How Aviva Measures Up As a GARP Investment

LONDON -- A popular way to dig out reasonably priced stocks with robust growth potential is through the "Growth At A Reasonable Price," or GARP, strategy. This theory uses the price-to-earnings to growth (PEG) ratio to show how a share's price weighs up in relation to its near-term growth prospects -- a reading below 1 is generally considered decent value for money.

Today I am looking at Aviva  (LSE: AV  ) (NYSE: AV  ) to see how it measures up.

What are Aviva's earnings expected to do?

  2013 2014
EPS Growth n/a 9%
P/E Ratio 8 7.4
PEG Ratio n/a 0.9

Source: Digital Look.

Aviva does not boast a valid earnings per share (EPS) growth figure in 2013, although this is a mathematical issue. EPS forecasts of 42.1 pence for this year compare with losses per share of 15.2 pence in 2012. Growth is expected to moderate to 45.7 pence next year, however.

The insurer fails to provide a valid PEG rating for this year owing to this projected earnings swing, although 2014's value falls within the bargain benchmark of 1. As well, the company's price-to-earnings (P/E) ratio registers at below 10 for the next two years -- a value below 1 is considered stunning value for money.

Does Aviva provide decent value against its rivals?

  FTSE 100 Life Insurance
Prospective P/E Ratio 14.8 12.8
Prospective PEG Ratio 4.5 4.5

Source: Digital Look.

Both the FTSE 100 and life insurance sectors can provide valid forward PEG ratios, albeit comfortably above the value threshold of 1, unlike Aviva. Still, the life insurance company's vastly better P/E rating illustrates its value as a decent value stock.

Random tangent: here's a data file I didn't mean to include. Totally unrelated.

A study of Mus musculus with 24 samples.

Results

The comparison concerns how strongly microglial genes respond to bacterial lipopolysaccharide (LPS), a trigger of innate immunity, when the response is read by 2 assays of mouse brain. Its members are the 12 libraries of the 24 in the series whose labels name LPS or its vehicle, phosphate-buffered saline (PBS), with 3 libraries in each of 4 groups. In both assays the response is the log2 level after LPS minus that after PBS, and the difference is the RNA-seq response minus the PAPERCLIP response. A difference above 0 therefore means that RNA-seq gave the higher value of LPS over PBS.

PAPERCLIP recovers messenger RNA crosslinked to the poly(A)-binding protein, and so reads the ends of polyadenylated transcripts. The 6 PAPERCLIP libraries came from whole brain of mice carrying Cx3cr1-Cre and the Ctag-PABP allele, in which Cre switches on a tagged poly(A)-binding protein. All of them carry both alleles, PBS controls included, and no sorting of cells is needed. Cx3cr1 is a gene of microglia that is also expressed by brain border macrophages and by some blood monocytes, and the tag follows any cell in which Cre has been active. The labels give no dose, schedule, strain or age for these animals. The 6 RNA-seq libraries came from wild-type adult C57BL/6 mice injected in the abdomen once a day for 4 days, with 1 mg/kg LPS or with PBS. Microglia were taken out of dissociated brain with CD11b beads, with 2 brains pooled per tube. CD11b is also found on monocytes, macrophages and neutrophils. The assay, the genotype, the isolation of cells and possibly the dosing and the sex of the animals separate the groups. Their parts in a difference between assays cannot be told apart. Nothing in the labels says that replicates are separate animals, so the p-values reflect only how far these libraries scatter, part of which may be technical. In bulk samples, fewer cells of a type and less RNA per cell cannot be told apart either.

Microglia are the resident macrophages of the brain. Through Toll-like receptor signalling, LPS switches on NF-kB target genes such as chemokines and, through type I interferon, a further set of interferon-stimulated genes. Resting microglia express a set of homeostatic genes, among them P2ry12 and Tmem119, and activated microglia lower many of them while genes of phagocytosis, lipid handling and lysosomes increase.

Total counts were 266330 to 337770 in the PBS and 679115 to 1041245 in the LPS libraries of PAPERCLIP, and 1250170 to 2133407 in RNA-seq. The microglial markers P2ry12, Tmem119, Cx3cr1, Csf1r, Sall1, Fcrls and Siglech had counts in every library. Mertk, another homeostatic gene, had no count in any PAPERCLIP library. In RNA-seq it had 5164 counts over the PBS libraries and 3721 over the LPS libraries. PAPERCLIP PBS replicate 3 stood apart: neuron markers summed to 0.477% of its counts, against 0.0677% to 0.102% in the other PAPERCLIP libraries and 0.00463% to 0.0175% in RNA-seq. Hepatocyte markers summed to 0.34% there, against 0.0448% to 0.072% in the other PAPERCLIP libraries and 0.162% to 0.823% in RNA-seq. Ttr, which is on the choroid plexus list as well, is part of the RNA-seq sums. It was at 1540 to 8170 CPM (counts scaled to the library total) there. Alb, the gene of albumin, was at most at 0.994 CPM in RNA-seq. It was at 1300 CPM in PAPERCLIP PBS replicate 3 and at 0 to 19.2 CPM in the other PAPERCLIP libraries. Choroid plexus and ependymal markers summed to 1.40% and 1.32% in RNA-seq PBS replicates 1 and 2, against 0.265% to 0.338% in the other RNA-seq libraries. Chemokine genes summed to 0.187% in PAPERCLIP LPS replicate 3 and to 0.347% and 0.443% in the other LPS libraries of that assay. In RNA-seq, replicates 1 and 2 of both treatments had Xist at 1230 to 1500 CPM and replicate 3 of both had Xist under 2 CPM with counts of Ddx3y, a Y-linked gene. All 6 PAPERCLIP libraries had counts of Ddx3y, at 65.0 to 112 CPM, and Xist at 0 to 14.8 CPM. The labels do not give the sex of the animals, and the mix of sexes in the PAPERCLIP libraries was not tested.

Aviva's earnings snapback this year, combined with cheap PEG rating in 2014, mark it out as a decent GARP selection on face value, according to City analysts. However, for some investors the company may still represent a risky pick owing to the steps it still has to take as part of its restructuring plan.

Getting better but still a long road ahead
In the last financial year, Aviva slashed the final dividend 44% in a bid to cut leverage and boost retained earnings. It also announced that the interim payout in the current year would suffer a similar markdown. This prompted interest in the insurer to drop as investors weighed the subsequent anticipated earnings improvement against future dividend uncertainty.

The company's May interims gave reason for cheer as new business value rose 18% in January-March to £191 million, helped by a 33% increase in new business from its critical U.K. operations. However, enduring weakness on the continent weighed on the results, with business in Spain falling 67% and Italian business falling 56% from the same 2012 period.

The company still has a long slog ahead in terms of cost reduction, even though operational costs fell 10% in quarter one. Although Aviva is undoubtedly making progress with its turnaround plan, mixed results across its international operations, rising competition at home, and patchy combined ratio results across the group, mean that I would like to see further signs of improvement before selecting the firm as a stable growth stock.